Into the Wild, Safely
“When all the dangerous cliffs are fenced off, all the trees that might fall on people are cut down, all of the insects that bite are poisoned… the wilderness will not be made safe. Rather, the safety will have destroyed the wilderness.”
- R. Yorke Edwards
Risk is part of what makes wilderness wild. It’s part of what draws us away from the comforts of civilization. Wilderness areas embody freedom, but with this freedom comes responsibility and the need for self reliance. No website can truly teach you to travel safely in wilderness, but we can at least get you started with the right tools:
Some Important Wilderness Tips:
Know what you’re getting into and be realistic with your abilities: If you are not an experienced wilderness traveler, keep your ego in-check and be conservative when it comes to new adventures. If you are an experienced wilderness user, still keep that ego in-check and know your own limits.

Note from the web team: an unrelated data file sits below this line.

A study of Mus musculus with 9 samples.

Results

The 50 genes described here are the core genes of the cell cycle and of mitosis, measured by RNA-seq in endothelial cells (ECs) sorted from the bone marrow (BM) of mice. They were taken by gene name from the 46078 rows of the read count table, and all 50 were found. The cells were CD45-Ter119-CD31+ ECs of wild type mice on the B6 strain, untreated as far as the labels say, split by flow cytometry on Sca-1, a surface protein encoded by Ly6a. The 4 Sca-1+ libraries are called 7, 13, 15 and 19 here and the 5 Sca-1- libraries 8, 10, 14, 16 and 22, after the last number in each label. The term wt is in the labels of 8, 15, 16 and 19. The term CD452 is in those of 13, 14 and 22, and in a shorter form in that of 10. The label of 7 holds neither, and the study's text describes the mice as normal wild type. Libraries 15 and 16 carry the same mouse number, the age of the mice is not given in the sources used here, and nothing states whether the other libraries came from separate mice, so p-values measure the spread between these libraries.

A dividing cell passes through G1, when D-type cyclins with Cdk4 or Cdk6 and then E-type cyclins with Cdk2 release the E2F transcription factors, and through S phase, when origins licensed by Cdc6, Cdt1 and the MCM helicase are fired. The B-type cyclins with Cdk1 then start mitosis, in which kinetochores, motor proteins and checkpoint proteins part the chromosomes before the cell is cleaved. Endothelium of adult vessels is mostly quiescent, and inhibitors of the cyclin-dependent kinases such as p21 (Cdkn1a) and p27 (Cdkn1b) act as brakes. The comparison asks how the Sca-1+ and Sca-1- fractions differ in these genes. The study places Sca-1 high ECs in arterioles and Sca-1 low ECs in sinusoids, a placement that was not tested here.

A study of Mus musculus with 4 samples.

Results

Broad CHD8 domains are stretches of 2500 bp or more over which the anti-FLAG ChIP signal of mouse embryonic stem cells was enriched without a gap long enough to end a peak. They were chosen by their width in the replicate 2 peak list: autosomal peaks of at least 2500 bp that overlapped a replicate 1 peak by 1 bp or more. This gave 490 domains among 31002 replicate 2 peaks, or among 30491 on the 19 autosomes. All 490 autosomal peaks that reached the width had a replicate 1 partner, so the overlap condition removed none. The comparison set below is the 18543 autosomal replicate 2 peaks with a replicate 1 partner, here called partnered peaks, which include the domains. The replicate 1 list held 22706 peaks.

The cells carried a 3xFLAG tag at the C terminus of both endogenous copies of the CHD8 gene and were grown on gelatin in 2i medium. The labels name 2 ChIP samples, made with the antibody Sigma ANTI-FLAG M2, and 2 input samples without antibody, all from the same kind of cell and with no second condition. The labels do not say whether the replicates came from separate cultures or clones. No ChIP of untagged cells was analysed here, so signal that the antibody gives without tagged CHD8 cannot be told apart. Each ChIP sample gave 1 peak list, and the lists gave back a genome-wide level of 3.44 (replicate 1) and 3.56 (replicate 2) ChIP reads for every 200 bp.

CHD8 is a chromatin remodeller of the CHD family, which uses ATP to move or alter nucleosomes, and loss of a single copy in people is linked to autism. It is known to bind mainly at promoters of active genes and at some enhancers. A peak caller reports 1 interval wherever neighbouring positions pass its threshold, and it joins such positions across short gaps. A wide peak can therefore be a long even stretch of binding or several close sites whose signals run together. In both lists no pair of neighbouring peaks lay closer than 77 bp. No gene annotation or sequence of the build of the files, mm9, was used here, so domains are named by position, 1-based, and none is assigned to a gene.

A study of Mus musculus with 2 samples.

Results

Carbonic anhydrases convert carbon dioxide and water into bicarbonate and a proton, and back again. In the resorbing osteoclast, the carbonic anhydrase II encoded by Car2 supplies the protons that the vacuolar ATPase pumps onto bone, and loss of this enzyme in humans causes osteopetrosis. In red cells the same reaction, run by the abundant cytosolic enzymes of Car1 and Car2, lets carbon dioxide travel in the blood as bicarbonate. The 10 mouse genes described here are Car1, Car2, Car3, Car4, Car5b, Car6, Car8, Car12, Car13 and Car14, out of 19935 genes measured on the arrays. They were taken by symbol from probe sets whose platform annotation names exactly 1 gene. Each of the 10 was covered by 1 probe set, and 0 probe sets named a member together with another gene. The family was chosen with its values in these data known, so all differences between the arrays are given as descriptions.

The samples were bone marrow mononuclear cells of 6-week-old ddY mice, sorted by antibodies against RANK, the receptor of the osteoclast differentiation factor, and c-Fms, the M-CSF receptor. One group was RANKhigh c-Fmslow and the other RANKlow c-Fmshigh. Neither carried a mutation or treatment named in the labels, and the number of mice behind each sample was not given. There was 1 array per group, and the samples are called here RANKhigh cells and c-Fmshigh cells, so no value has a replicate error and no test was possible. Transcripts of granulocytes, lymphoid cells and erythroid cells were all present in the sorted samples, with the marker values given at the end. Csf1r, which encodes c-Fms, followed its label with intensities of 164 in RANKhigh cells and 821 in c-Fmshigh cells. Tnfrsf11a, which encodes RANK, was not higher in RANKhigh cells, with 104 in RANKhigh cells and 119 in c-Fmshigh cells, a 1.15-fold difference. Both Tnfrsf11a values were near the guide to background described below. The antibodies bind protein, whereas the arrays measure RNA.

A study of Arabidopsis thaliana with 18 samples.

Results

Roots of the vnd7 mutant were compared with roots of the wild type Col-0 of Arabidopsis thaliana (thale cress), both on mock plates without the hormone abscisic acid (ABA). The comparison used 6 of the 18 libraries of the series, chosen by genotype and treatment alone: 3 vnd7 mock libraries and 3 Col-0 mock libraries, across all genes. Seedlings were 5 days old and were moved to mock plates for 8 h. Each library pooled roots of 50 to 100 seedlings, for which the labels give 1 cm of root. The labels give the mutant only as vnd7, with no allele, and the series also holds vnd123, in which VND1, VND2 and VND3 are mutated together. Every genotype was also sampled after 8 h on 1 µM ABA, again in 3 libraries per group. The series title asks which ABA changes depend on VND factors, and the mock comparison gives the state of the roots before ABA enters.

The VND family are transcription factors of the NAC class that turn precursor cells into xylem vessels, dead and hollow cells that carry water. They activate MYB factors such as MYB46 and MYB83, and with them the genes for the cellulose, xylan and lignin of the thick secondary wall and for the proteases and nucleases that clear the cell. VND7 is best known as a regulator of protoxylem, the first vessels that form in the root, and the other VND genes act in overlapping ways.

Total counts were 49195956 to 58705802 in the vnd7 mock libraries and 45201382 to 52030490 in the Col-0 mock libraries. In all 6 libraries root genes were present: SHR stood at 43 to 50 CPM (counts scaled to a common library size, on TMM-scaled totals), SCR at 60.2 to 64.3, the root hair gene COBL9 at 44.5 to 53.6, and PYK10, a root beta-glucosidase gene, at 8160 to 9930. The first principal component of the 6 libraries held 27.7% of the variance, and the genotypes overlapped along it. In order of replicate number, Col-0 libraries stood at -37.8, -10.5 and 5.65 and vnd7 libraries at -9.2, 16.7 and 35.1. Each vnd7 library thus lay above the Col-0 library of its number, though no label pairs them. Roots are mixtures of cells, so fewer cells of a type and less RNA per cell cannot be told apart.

Research the area you’re planning to visit: Talk to people who have been there before, ask rangers familiar with the area about local concerns, carry the appropriate maps, and know how to read those maps.
Tell someone where you’re going: Make sure you tell someone exactly where you’re headed and when to start worrying about you, especially if you’re hiking alone.
Bring the appropriate equipment, and know how to use it: Every wilderness experience requires slightly different gear, but wherever you’re headed here are some basic items that are always a good idea to carry:
- Flashlight or headlamp and extra batteries
- Rain/wind/sun/cold weather gear (light layers and sunscreen)
- Plenty of water and/or a water filtration system (consume at least 3 liters of water per day per person)
- whistle, signal mirror
- First aid items (including your medication and an emergency blanket)
- Decent footwear
- Map, compass, and GPS device (optional) Make sure you know how to use them!
- Firestarters (matches, lighter, fire ribbon, etc.)
Check out our backpacking gear list for more equipment tips.